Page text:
Minimalism, Again (in parts)

Part I.

I’m in the midst of this long process of minimalism begun almost a year ago and continued, in steps (not all completed) like 1) Marfa, Texas, Part I 2)“The Anthropologie of Yard Sales” 3) Discovering the wave of minimalism and minimalist bloggers living on Twitter (is Twitter minimalist?) 4) “The Life Changing Magic of Tidying Up” by Marie Kondo 5) Marfa Texas, Part II 6) “Essentialism” by Greg McKeown 7) The continuing purge of my 700 square foot rented apartment. I didn’t finish “The Life Changing Magic of Tidying Up” yet, because I’m not ready to deal with my sentimental photos and papers.

And then there’s all the shit I have at my parents’ house.

In the beginning, I wasn’t sure if I really wanted to be a minimalist or just wanted to discard all my current belongings so I could recreate my space to look like Donald Judd’s city home, “The Block”, the lobby at El Cosmico, or the Garza Marfa Instagram feed. That kind of minimalism proved cost prohibitive, and I found as I emptied – as you will read again and again in blogs across the web nation, I felt lighter. It was easier to clean. I didn’t feel weighted down by possessions I had to care for, the way I felt weighted down by the thoughts in my head and relationships occupying my time and emotional space.

That’s the real corollary of minimalism – you realize as you clear physical belongings that you must clear some mental ones. You MUST. The physical work of decluttering shows you that the emotional part will be work too.

As much as I have accomplished, there’s still so much I want to do. Is it minimalist to be obsessed by minimizing? I haven’t acquired much since I began minimizing, but I still get overwhelmed with feeling blocked in by my stuff and thoughts and associations. And then overwhelmed by the pressing desire and need to clear more space for my never shrinking thoughts. But I’ve always been obsessive, and that’s my creative energy at work. Extra things lacking inspiration have just become unbearable. It becomes obvious which things in your life bring productive energy and which just bring you down.

For example, Facebook has become almost 100% indigestible for me. I look at it at few times a week, sometimes once or twice and day and then not again for several days. I deactivate a couple times a month. Every time I do log on, I feel confounded by the sight of it, the new friend requests, the red number counting the things I haven’t looked at that I’m not missing, yet I’m still afraid to just delete it, so I put it off. It’s kind of like the serving dishes I inexplicably own, the cake riser I’ve used once three years ago. I hate storing these things and desperately want room in my cabinets but somehow think I might serve a cake again someday.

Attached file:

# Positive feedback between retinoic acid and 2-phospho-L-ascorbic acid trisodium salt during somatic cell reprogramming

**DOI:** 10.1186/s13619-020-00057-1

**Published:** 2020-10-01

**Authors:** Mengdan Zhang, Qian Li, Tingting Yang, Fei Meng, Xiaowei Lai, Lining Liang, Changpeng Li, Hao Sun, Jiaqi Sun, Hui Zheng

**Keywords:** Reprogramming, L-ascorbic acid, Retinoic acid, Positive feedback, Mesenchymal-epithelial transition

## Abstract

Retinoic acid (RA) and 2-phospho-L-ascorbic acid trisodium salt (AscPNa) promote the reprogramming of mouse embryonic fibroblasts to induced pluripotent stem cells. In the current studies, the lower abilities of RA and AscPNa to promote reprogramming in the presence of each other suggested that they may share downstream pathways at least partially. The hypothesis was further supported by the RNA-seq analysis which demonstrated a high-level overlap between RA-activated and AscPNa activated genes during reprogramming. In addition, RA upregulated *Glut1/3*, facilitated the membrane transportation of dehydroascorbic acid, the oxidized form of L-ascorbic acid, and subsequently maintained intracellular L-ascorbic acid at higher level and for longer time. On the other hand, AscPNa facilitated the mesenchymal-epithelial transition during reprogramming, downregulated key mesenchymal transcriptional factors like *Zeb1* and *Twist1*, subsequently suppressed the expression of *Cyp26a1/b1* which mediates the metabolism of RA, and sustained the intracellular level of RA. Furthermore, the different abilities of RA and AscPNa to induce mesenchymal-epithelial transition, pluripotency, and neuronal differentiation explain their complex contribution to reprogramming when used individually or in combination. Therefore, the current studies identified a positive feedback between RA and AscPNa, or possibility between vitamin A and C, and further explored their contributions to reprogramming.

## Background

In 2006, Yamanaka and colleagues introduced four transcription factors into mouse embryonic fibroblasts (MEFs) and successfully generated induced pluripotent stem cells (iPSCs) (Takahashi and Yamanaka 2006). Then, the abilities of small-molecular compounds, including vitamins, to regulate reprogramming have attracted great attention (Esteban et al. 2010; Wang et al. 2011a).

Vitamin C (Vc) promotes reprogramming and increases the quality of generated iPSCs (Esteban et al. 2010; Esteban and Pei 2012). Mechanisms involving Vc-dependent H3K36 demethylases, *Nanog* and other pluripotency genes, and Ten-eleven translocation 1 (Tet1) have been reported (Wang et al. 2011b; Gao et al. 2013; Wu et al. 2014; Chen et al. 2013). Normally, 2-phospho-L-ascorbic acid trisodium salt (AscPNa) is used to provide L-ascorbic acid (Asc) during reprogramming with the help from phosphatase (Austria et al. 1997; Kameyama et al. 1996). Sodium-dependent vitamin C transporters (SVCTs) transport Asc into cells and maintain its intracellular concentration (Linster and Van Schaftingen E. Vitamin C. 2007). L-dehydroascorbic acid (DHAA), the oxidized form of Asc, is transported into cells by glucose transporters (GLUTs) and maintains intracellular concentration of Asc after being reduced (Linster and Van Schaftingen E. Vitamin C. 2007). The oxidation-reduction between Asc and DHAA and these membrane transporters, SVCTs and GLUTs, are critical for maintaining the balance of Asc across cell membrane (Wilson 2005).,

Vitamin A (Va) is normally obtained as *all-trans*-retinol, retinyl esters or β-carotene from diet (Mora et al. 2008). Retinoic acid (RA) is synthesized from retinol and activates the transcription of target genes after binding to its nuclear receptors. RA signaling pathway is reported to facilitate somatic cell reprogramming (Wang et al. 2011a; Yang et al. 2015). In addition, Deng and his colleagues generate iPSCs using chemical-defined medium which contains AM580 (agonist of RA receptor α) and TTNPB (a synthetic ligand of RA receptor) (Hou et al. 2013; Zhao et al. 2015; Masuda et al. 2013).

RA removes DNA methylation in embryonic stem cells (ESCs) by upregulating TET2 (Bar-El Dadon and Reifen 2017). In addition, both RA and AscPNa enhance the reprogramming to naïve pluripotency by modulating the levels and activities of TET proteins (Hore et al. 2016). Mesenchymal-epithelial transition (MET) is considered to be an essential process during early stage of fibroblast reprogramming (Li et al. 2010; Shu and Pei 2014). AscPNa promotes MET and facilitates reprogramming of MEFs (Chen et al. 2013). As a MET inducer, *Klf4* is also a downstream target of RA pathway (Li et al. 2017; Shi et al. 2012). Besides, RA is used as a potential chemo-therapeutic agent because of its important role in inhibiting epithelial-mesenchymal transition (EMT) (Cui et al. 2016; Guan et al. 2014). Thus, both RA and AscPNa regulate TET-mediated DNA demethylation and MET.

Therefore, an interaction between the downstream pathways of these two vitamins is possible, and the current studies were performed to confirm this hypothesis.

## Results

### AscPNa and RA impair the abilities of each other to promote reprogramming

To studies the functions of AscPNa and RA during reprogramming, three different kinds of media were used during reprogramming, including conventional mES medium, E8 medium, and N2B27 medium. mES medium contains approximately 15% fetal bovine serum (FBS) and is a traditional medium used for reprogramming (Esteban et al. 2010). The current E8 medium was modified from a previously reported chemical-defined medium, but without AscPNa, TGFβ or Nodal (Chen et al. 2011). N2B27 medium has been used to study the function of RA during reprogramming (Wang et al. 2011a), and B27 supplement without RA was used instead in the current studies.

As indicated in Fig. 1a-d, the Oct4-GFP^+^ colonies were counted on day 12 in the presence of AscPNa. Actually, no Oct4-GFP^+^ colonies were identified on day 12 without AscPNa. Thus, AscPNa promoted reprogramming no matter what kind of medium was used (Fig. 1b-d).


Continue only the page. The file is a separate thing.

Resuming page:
I don’t actually remember the last time I made a cake – it was probably three years ago. And when I hold the cake riser, I am filled with the stress of thinking I should use it, disappointment that I haven’t used such a pretty object, and worry that I’ll never own a cake riser again.

Could anything be more ridiculous?



  1. noelle_kl says:

    When I was forced to purge many of my belongings in last year’s move, it was an extremely painful process- partly the letting go, but partly because it wasn’t my choice per se. However, when it was all said and done I absolutely found that there was a sense of relief in lightening my load. Books on decluttering advise you to do it in phases, which I think is smart because it gets a little easier each time. On New Year’s Eve last year, instead of going out, I did a closet purge. I didn’t think I’d come up with much, since I’d just gotten rid of so much only a few months earlier, but to my surprise I had a whole garbage bag full at the end of it.

    I think your observation about the stress associated with not using something is very astute! I never really thought about it, but now that you say that… I have dozens of books that I’ve never read, and cookbooks I’ve never cooked from, but I hold onto them because my ideal version of myself is going to use them some day, and if I give them up, it’s like giving up on that person. Same with stuff like crafting supplies, small kitchen appliances, etc.

    (That is a super cute cake stand btw so I totally get your angst about it!)

    • Thanks for commenting! You were the one who introduced me to Marie – I in turn passed her on to many. The cake stands I just got rid of were very similar to that one – actually better. But once the things are gone, we rarely remember them do we?